Explore the “City of Broad Shoulders” by foot and float. Stroll the grand expanse of Michigan Avenue’s Magnificent Mile and take an architectural boat tour on the Chicago River. Spend some time in Chicago’s “Front Yard” amid the museums, fountains and fields of Grant Park.
Ride Navy Pier’s famous Ferris Wheel and then soar to the top of the Willis Tower to test your mettle in a glass box that juts out 103 stories above street level. Enjoy world-class theater, world championship sports and world-famous deep dish pizza.
Historic People and Places
Discover the hometowns and history behind some of the most influential Americans. Learn more about the great explorers Lewis and Clark who set off from St. Louis to map America’s unchartered western territories.
Visit the law offices of a young lawyer named Abraham Lincoln in Springfield, Ill. Marvel at the ingenuity of a visionary innovator named Henry Ford in Detroit. Find the fighting spirit of Harry S. Truman in Independence, MO.
Ride the rails to some of mid-America’s great waterfronts. Experience what makes the Great Lakes “great,” with a sunset concert on the shores of Lake Michigan in Milwaukee or at a heart-stopping air show above Cleveland’s Lake Erie.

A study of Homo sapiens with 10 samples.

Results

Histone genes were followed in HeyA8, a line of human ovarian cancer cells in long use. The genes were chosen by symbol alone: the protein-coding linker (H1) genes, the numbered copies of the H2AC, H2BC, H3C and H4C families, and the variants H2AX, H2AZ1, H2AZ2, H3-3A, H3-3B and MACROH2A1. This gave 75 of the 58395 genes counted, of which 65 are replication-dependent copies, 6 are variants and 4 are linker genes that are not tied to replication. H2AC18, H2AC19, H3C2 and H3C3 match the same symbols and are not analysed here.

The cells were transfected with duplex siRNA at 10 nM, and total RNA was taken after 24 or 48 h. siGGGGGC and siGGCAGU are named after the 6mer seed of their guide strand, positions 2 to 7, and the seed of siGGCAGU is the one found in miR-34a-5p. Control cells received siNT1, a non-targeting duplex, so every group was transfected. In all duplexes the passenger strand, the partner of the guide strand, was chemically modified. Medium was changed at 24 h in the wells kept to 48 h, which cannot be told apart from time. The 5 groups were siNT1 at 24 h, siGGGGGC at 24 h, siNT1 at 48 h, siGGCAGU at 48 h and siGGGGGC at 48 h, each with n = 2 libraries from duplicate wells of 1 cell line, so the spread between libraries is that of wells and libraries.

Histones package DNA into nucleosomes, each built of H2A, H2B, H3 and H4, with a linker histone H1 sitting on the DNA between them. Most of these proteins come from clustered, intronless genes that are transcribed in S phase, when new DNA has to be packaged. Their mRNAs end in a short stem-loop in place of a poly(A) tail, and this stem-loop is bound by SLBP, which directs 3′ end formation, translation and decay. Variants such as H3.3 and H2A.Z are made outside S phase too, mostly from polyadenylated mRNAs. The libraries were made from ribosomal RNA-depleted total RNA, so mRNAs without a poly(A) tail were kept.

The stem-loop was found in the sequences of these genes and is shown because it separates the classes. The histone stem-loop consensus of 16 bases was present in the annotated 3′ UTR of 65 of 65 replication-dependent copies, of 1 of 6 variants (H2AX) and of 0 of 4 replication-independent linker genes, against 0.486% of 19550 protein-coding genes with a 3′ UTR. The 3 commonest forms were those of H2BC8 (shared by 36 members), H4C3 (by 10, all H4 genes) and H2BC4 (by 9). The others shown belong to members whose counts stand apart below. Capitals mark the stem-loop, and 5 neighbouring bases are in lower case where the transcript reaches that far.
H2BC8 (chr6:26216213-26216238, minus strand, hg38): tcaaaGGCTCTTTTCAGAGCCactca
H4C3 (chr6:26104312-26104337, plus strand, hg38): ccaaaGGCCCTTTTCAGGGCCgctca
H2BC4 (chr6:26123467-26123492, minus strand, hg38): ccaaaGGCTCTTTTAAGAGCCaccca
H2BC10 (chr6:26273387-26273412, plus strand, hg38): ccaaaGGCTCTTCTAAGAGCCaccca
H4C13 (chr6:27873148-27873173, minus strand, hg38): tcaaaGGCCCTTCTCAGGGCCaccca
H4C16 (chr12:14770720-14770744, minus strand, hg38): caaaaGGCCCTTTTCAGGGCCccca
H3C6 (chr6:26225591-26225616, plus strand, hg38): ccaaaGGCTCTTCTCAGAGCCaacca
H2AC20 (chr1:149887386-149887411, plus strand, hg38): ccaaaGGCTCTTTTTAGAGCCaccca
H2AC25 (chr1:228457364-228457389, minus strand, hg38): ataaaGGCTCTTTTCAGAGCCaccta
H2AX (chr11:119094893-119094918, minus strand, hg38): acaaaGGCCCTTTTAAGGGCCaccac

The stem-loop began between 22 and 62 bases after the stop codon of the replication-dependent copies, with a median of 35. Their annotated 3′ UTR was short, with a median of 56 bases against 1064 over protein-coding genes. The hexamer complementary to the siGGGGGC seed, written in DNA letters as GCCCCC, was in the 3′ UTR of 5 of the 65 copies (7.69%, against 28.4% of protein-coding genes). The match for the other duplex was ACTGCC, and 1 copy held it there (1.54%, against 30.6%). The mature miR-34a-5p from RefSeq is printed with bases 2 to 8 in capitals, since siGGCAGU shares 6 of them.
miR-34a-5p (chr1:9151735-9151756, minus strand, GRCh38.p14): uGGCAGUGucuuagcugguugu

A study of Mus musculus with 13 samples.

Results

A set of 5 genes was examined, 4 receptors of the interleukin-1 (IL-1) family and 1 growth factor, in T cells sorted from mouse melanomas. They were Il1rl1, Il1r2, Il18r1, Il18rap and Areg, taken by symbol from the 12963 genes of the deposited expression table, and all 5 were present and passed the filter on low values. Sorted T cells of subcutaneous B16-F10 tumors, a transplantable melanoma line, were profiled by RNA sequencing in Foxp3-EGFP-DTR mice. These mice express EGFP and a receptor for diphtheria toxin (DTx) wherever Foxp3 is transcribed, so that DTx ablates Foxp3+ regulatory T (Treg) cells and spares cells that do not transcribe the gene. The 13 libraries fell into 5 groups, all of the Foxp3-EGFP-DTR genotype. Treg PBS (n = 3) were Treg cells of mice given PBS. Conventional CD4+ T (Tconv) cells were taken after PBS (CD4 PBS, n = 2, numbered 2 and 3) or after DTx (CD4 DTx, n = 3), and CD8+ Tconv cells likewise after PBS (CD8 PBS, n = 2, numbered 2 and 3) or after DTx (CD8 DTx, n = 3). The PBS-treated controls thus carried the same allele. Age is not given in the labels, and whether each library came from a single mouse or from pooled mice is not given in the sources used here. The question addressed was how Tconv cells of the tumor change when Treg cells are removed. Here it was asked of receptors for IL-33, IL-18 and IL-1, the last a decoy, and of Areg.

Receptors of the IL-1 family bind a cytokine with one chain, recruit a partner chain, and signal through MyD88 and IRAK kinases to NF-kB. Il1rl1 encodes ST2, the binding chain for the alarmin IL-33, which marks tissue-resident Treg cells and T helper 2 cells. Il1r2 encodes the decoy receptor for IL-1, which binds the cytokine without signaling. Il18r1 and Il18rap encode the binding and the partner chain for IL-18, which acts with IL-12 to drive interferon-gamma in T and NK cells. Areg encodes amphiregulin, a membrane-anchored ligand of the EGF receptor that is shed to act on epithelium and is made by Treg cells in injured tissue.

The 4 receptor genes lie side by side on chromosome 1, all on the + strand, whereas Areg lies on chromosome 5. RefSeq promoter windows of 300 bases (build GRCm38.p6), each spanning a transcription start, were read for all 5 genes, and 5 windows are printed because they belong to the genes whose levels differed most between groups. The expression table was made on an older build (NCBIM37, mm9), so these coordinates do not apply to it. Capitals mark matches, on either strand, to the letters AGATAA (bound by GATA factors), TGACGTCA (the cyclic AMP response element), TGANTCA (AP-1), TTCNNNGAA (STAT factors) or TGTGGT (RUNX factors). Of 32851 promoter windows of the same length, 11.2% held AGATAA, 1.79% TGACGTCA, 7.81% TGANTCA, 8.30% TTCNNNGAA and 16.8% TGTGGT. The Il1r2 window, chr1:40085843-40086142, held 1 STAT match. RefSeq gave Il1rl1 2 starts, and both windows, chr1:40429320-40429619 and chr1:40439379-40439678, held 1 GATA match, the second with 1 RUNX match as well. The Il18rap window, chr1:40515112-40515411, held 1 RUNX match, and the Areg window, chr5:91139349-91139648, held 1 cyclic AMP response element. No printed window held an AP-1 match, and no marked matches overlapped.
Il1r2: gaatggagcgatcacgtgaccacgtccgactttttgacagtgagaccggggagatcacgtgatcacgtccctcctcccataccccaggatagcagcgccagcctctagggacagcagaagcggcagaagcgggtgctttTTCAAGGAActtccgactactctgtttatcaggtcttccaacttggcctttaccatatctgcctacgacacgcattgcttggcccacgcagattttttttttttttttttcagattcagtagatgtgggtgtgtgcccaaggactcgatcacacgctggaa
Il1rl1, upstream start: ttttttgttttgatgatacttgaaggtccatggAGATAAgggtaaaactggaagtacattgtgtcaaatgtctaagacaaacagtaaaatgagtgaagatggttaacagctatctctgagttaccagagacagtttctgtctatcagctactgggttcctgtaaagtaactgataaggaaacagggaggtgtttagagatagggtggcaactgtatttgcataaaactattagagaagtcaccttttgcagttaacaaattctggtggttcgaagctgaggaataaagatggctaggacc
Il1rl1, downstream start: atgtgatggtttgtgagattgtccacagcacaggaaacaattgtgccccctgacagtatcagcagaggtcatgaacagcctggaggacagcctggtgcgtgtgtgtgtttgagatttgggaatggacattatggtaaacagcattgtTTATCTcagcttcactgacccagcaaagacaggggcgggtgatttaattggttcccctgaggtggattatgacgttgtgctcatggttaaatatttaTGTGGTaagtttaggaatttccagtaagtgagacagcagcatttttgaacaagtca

Let the power of great rivers move you, as you watch the Mighty Mississippi flow past the St. Louis Arch or marvel as the Monongahela, Allegheny and Ohio rivers converge in the shadows of Fort Duquesne at Pittsburgh’s Point State Park.
Featured Midwest Route
Chicago - St. Paul/Minneapolis - Spokane - Portland/Seattle
Marvel at the majesty of the northern United States as you travel over mountain passes, through alpine valleys and past 7,000-year-old glaciers. Glide by buttes and bluffs, along mountain streams and across the Mighty Mississippi. With stops in big cities and quaint mountain towns, the Empire Builder invites you to experience culture, nature and rapture in one grand adventure.
"Earth and sky, woods and fields, lakes and rivers, the mountain and the sea, are excellent schoolmasters, and teach some of us more than we can ever learn from books."